One of the great things about podcasting is the fact that it’s a medium which is accessible for everyone. You don’t need to be a qualified presenter with years and years of experience to start a podcast; all you really need is a good mic and some basic editing, and you’re golden.
The medium also allows podcasters freedom of speech on which topics they choose to cover or express their opinions on. This can and does result in great things for raising awareness on more sensitive issues, since podcasters aren’t restricted by the same broadcasting rules or regulatory oversight that often hamstring more mainstream coverage.
However, there is a danger to this, as some podcasters may take advantage of this freedom in having a platform, and may use it to share misinformation or extremist ideologies without the risk of being demonetised or censored. Because there’s no regulatory body for podcasting, these podcasters may end up building a cult following which automatically believes any information or worldview presented to them - no matter how toxic the ideology behind it.
Take Andrew Tate, for example. For those that are unaware, Tate is a viral social media personality and convicted sex offender who uses his platform to promote misogynistic ideologies to easily brainwashed followers. In 2022, Tate hosted his own podcast, in which he was allowed to freely share his views to an audience of impressionable young men without risk of being censored, and even after being banned from social media platforms like Instagram and Twitter for violating user guidelines, his content continued to be widely reshared.
Similarly, Joe Rogan has been called out numerous times for spreading misinformation about various health topics including coronavirus and vaccines on his podcast - yet he continues to be given a podcast platform because of his large audience and his position as the most-listened to podcast in the US.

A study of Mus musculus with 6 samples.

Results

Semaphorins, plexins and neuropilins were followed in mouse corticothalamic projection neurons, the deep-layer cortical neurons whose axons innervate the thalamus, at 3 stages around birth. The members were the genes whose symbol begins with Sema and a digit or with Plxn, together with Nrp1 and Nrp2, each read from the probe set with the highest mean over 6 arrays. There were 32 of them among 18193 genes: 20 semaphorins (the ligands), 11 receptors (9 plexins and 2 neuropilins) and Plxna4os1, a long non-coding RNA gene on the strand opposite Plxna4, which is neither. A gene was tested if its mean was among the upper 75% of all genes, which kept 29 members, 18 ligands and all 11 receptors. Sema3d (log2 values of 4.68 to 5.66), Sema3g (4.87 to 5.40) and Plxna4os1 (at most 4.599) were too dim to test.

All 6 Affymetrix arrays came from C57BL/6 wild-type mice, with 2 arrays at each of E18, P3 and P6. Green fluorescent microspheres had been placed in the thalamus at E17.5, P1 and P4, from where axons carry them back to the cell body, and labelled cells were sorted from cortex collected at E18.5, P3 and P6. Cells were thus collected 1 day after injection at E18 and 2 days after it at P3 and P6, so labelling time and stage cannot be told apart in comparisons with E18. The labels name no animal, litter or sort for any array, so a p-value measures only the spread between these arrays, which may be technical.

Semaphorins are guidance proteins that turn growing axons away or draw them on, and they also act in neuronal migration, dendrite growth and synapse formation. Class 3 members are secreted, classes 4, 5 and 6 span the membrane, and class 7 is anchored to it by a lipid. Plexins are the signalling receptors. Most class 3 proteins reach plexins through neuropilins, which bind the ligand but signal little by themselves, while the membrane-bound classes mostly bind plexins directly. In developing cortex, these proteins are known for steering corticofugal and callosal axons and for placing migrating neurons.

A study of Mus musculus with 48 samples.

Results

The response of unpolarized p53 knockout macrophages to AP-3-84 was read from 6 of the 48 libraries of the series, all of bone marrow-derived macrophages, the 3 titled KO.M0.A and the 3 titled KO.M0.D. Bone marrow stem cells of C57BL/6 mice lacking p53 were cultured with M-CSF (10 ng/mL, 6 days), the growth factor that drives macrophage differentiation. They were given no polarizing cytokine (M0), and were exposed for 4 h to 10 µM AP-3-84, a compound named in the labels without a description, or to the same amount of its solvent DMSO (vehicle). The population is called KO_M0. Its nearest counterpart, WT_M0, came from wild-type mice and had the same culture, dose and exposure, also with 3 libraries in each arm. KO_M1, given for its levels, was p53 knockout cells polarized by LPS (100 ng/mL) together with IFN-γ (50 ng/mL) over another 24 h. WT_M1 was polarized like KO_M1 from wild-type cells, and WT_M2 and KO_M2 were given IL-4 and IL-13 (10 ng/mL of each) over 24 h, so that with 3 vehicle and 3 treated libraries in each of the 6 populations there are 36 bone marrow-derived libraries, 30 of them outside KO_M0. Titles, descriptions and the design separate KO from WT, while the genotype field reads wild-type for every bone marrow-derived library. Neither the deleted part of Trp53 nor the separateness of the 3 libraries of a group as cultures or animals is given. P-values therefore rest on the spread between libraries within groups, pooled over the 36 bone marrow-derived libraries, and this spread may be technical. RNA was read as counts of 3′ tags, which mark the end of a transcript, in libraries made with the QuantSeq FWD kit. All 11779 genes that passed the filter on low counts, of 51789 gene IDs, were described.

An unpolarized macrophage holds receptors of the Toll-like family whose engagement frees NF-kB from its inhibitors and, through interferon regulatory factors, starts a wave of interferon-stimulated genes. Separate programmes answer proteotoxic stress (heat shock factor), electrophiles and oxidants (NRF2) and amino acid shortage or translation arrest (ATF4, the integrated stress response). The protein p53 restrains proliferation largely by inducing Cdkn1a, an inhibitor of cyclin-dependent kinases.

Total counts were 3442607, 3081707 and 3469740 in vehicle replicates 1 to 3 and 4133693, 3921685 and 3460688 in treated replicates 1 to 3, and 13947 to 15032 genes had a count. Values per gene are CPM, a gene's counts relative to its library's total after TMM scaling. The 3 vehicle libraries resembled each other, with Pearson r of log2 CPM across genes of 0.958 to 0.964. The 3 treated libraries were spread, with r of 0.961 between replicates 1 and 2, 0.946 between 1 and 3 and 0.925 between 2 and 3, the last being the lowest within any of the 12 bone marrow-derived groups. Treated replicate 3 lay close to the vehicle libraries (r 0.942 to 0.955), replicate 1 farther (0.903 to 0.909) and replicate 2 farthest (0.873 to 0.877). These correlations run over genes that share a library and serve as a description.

There is precedent for podcast platforms taking a stand against this kind of harmful content, albeit slim; in 2018, Apple and Spotify joined most of the major tech platforms in removing right-wing grifter and conspiracy theorist Alex Jones and his InfoWars brand from their services. Jones had a high profile, and his removal caused cries of censorship from a few places, but he was undeniably on the extreme end of the spectrum and his banishment remains largely uncontroversial. On the other hand, the fact remains that he is one of the only major cases of a podcast being delisted for its content.
Just because podcasters are allowed to do and post whatever they want, it doesn’t mean they should. Having a platform comes with a lot of responsibilities, and hosts must ensure that they are doing proper research and fact-checking when it comes to the content they’re sharing and the guests that they have on - especially when it comes to certain genres where audiences are more vulnerable to misinformation, such as news, politics or health and wellbeing.
Not every podcaster can be like Joe Rogan; if you’re an average creator with an average following, sharing harmful content or misinformation can cause you to lose trust with your listeners, and once that’s gone, it can be very hard to gain it back. Trust is extremely powerful in podcasting - it’s the bedrock of building engagement and loyalty, but in order to keep it, podcasters should make sure they’re being honest with their audience.
It’s also worth noting that listeners themselves must take a certain level of responsibility in terms of doing their own research, making sure they’re expanding the types of podcast they’re listening to in order to get the full picture, just as one would with any form of media.
There is no regulatory body for podcasts in the UK and it is highly unlikely that one will be established. Regulating podcasts may not even be feasible due to the sheer range of content that is posted online across multiple podcast platforms - and even if one does emerge, who knows what disadvantages it could lead to in terms of reducing freedom of speech and censoring different viewpoints?
With this in mind, the podcast industry must ensure that it self-regulates, weeding out bad actors and harmful elements to make the industry safe and welcoming for listeners and creators alike, in order to keep this medium accessible and free for everyone.